Part One: A true Texas tale, told by José Policarpo Rodriguez

Detail, map of Whitte-Smith Expedition of 1849
I read a true Texas tale of peril and bravery this week, told by José Policarpo Rodriguez, who was there, and who recorded the events in his autobiography. It happened in 1849 and it changed history even though it happened in the middle of the desert wilderness and only a few people were there.
Rodriguez’s book, “The Old Guide,” was originally published in 1898 by the publishing house of the Methodist Episcopal Church, South, in Nashville, Tennessee. My copy is a reprint, and was given to me by the late Raul Arreola, a great-grandson of Policarpo Rodriguez.
Policarpo Rodriguez,
late in life
Many will recognize Policarpo Rodriguez’s name: not only does he have many descendants living in our area, he had a long and fruitful life right here in the Texas hill country. In his early days he was a guide and tracker; later he became a preacher, and built by hand a stone church building on Privilege Creek in Bandera County, now called “Polly’s Chapel.” It’s one of the most peaceful chapels in the world, rustic and simple, in a motte of live oaks beside a clear creek, and faithfully cared for by Rodriguez’s descendants.
In 1849 Rodriguez joined an expedition led by Lt. W. H. C. Whiting to establish a road from San Antonio to El Paso, and to find locations for forts along the route. While the expedition was led by two U. S. Army lieutenants, the remaining 15 members of the group were all civilians, and included a mule packer from Mexico and a Delaware Indian. Rodriguez was only 20 years old, and his role in the group was to scout ahead, looking for water and hunting for game to feed the men.
Rodriguez was invited to join the group on the recommendation of a surveyor named Dick Howard, with whom he worked on other surveying expeditions. When Lt. Whiting offered a spot on the team to Howard, he replied “Well, if I go, I want this boy to go, too.”
“What can he do?” asked Whiting.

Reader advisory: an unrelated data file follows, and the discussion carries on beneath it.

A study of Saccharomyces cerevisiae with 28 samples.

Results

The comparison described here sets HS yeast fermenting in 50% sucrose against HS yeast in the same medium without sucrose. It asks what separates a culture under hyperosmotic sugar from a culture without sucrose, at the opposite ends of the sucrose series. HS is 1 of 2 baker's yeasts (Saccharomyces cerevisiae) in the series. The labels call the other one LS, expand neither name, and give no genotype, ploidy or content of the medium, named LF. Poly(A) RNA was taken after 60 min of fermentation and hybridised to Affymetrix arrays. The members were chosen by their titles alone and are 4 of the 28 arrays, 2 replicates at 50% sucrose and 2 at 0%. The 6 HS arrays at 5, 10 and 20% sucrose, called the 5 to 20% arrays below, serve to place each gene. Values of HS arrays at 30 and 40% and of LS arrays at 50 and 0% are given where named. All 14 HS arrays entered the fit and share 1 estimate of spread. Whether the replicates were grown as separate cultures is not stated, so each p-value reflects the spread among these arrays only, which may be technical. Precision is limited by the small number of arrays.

“Why he can do more than I can. He can hunt and he can find water. He’s my guide; can do most anything in the woods. He would be very useful to us on the trip.”
Rodriguez did prove very useful.
Polly's Chapel, still standing
near Privilege Creek
in Bandera County
“This boy Policarpo,” Whiting wrote in his diary on the journey, “is one of the most valuable members of my party – a patient and untiring hunter, an unerring trailer, with all the instinct of the Indian combined with the practical part of surveying which he has learned from Howard; moreover, a capital hand with the mules. I don’t know of any person whom I would rather have in the woods.”
The trip west was marked by severe deprivation suffered by the group; they often had to travel days without water. If you’ve traveled on IH10 from San Antonio to El Paso, you know the country. It’s a long, hot journey in an automobile. Imagine traveling the route on mules, and managing a string of mules carrying supplies and equipment.
Somewhere west of the Pecos River, and north of the Rio Grande, in the “Limpio Mountains,” the party came suddenly upon “an old gray Indian with four or five squaws and a boy,” Rodriguez writes.
“We were right upon them before either party saw the other. The boy ran off into the bushes as wild as a scared buck. The squaws stood still, with their mouths open as if struck dumb and paralyzed. We were looking at them. The old Indian commenced muttering and turning around as if making some incantations. He lifted an old blanket on two ramrods and waved it back and forth, all the time muttering. He then stooped down and gathered handfuls of dust and rubbed it on his breast, talking to the boy who held his little bow and arrows, and to the squaws. He bellowed like a bull. I thought I would speak to him in Spanish, and I said: “Don’t be afraid; we will not hurt you.”
Imagine the scene, somewhere between present-day Fort Davis and El Paso. It’s 1849, and you and 16 other men are on an expedition trying to find a route west – a southern route that will connect the country together, which will be traveled by thousands and thousands of people, protected by a line of forts. You crest a small hill and find a vulnerable group of Indians. Some members of your group suggest killing the Indians right then, and continuing on. One young man tells them no harm will come to them.
The next moments are very tense, and the decisions made will have big consequences. I’ll tell you about them next week.
Until then, all the best.


For your enjoyment, I have two Kerr County history books available, filled with historic photographs of Kerr County.  Both books are available at Wolfmueller's BooksHerring Printing Company, and online by clicking HERE.

1 comment:

  1. I can't wait to read the rest if the story.Thanks for sharing.